This 1/700 scale resin kit is issued by Niko Model of Poland, a maker of rare model subjects like HMS Albatross. Together with the fine resin parts (some are very delicate, handle with care) the kit has a large photo etch fret and 2 wire rods of different diameters to build your masts. This kit is more suitable for advanced and experienced modelers as some scratch-building is needed for the mast. In order not to lose any of the tiny resin parts, it is highly recommended to put all parts into a work tray, and also to carefully empty out all the plastic bags to make sure that all resin bits are recovered. The details are excellent but resin flash is a constant problem.

At the beginning, I added evergreen rods in the hangar hatch because the cover piece falls right into the hole with no feature to hold it in place.

Next, I primed the hull and deck with grey primer. This helps to give a neutral solid background for other colors.

Very early in the build, I airbrush the hull camouflage which is one of the more interesting ones with a false bow wave and false wake to fool an observing U-Boat into thinking that the dark grey portion looks like a smaller, faster destroyer and thus mistime their torpedoes. I start with the wooden deck tan for the main flight deck and poop deck as well. Then I apply RAF Medium Sea Grey as a substitute for the hard-to-find RN G45 Warm Light Grey. Next, I apply white bow and wake patterns, and mask those off. The last two colors applied are B55 Light Greenish Blue (White Ensign enamel RN17) and G10 Dark Grey (White Ensign enamel RN23).

The other deck details (G10 Grey and Tamiya Red Brown XF64 as a substitute for RN Anti-Fouling Red) are brush-painted in.

Next came the construction of the wheelhouse and main superstructure together with the port and starboard search light platforms. This area is extremely tricky because of the alignment of several elements to get the construction right. Lots of dry fitting needed before gluing things down.

The funnel is painted and installed. Since there are no locating features for the funnel, check with the true scale drawing of the model on the instruction sheets for placement.


The placement of the ventilation vents and ducting are also not very clear in the instruction sheet and required me to check with old photographs of the Albatross before settling on this configuration.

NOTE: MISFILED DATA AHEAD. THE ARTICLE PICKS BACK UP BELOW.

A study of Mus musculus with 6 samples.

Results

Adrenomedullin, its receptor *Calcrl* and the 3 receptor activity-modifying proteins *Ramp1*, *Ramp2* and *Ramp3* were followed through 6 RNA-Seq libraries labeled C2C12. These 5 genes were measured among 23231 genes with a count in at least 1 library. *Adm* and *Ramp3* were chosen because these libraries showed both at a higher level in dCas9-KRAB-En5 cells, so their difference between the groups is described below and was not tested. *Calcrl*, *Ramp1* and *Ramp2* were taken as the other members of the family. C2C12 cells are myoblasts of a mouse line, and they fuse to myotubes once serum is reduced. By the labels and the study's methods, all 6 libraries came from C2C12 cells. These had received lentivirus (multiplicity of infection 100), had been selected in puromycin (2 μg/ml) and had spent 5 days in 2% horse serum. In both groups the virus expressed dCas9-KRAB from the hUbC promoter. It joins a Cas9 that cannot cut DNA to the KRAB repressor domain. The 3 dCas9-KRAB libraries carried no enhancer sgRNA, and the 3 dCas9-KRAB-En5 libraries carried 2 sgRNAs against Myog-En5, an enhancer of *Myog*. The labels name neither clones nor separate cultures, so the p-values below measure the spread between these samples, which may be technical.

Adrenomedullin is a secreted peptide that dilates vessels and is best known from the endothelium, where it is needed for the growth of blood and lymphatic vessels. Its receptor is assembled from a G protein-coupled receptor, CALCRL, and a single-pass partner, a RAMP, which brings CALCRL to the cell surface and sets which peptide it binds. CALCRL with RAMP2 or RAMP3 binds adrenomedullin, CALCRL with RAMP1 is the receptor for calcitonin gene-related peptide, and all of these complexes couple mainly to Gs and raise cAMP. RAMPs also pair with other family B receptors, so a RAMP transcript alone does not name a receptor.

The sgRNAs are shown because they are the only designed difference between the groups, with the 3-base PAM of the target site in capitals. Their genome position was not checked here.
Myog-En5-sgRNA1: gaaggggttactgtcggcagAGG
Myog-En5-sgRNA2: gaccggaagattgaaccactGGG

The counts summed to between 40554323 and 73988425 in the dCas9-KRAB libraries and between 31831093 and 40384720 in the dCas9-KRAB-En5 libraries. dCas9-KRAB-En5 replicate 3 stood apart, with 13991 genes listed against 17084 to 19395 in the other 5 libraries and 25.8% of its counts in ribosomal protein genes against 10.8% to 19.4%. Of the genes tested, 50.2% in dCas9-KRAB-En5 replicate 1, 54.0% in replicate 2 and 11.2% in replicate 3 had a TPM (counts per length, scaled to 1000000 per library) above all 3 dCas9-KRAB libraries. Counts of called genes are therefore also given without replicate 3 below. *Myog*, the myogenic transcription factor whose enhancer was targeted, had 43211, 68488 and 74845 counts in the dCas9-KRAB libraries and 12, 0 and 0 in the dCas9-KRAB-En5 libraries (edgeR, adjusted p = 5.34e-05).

Before adding the boat decks, I apply a wash of turpenoid and oil paints (50% lamp black, 50% burnt umber) on the decks and structures.


The boat decks are then installed over the main deck. I also install other structure details over the galley, and midship section.


The main mast is constructed out of 0.8mm brass rod (included with the kit), thinner sections of 0.6mm rod, and photo etched sections. The rear mast is made from 0.6mm brass rod and 0.3mm wire.


The anti aircraft guns and 3 in guns are installed in their emplacements.


Work on the flight deck starts with addition of the catapult platform (check location with the scale drawing in the instruction sheet). Other deck ventilation columns and pumps are also added at this time.


Next were the catapult rail and 3 in deck guns.


Finally the three large cranes are installed on the flight deck. I kept these to last so that I could handle the model more easily during the previous steps. Once these cranes are installed, the flight deck area becomes fragile and easy to damage.


Finally the rigging and lifeline rails are added to the model. Weathering is done to the hull using pastel chalks. The main ship herself is completed.


The two Walrus seaplanes are built and painted in Atlantic patrol colors. one can appreciate how tiny these planes are when compared to a US 1 cent coin.

The model is completed and ready to be mounted on its permanent base.